Posted by Jason Polak on 22. March 2012 · 1 comment · Categories: group-theory · Tags: , ,

Welcome to the second two-post series on AZC! The evil secret plot of this series is to make group cohomology seem interesting for those who have not seen much group cohomology. To do this, we will dissect the dihedral group, which most math majors have probably seen as undergrads. However, to be thorough, the first post (i.e. this one) will described the dihedral group, and only in the second (will be posted soon) will we bring in group cohomology.

The finite dihedral groups are a good, concrete example of finite groups because they are not abelian and yet are not too convoluted for a blog post. There are many ways to define the dihedral groups, but the one that perhaps gives the most context and motivation is the definition in terms of symmetry of equilateral polygons in the Euclidean plane.

For an integer $ n \geq 3$, the dihedral group $ D_n$ is the symmetry group of rotations and reflections of the Euclidean planar regular $ n$-gon. Let us look at the case $ n = 3$ in a bit more detail. By labelling the vertices of an equilateral triangle with $ \{a,b,c\}$, we can deduce that $ D_3$ has order six. In fact, any fixed letter can be rotated to any given position, and then the remaining two letters can be permuted via a reflection, so all of the $ 3! = 6$ possible configurations obtainable with reflections and rotations.

As it happens every so often, I browse the mathematical library pseudorandomly, and look out for interesting titles; usually a prerequisite for interesting is that they have something to do with the realm of algebra. This is exactly how I found Faith's book, with its captivating title urging me to borrow it.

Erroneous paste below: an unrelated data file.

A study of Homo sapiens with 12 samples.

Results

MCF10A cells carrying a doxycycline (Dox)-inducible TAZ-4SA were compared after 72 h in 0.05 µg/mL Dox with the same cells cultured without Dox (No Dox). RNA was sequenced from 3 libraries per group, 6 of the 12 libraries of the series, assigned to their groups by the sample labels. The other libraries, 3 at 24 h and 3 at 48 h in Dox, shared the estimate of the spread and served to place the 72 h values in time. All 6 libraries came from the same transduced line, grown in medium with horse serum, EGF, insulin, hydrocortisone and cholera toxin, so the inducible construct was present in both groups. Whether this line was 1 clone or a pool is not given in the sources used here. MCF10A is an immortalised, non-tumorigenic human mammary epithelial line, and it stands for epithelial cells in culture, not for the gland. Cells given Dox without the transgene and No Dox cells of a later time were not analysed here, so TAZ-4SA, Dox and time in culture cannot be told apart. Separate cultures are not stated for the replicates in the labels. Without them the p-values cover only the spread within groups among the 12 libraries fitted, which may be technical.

Now, inevitably in mathematical research, one has to efficiently skim through papers and books to find specific ideas and facts. The unfortunate thing is that sometimes it is easy to neglect the stimulation of the idle curiosity that probably brought most mathematicians into their fields in the first place, and so I try to combat this neglect by my idle browsing and blogging.

I try not to spend too much time on this so that I progress with my degree, but I try to nurture my curiosity through reading anything that looks interesting. Returning to books, I do believe there are few worse literary follies than a graduate algebra textbook that lacks imagination in its examples and theorems and passion in its explication. I only fear that such books will tend to promote in the learning of higher algebra what most institutions have done with calculus, and that is to make it a tiresome mechanical effort, washing away the once vibrant and fanciful colours from the gentle tendrils of the mind.

But fear not! Should the mental dessication start to occur in a young algebraist's mind; should the flames of passion dim for the wonders of the injective module, she can always turn to the entire object of this post, videlicet Faith's "Rings and Things and a Fine Array of Twentieth Century Associative Algebra"
. I refer to the second edition, incidentally, which corrects many errors from the 1st edition.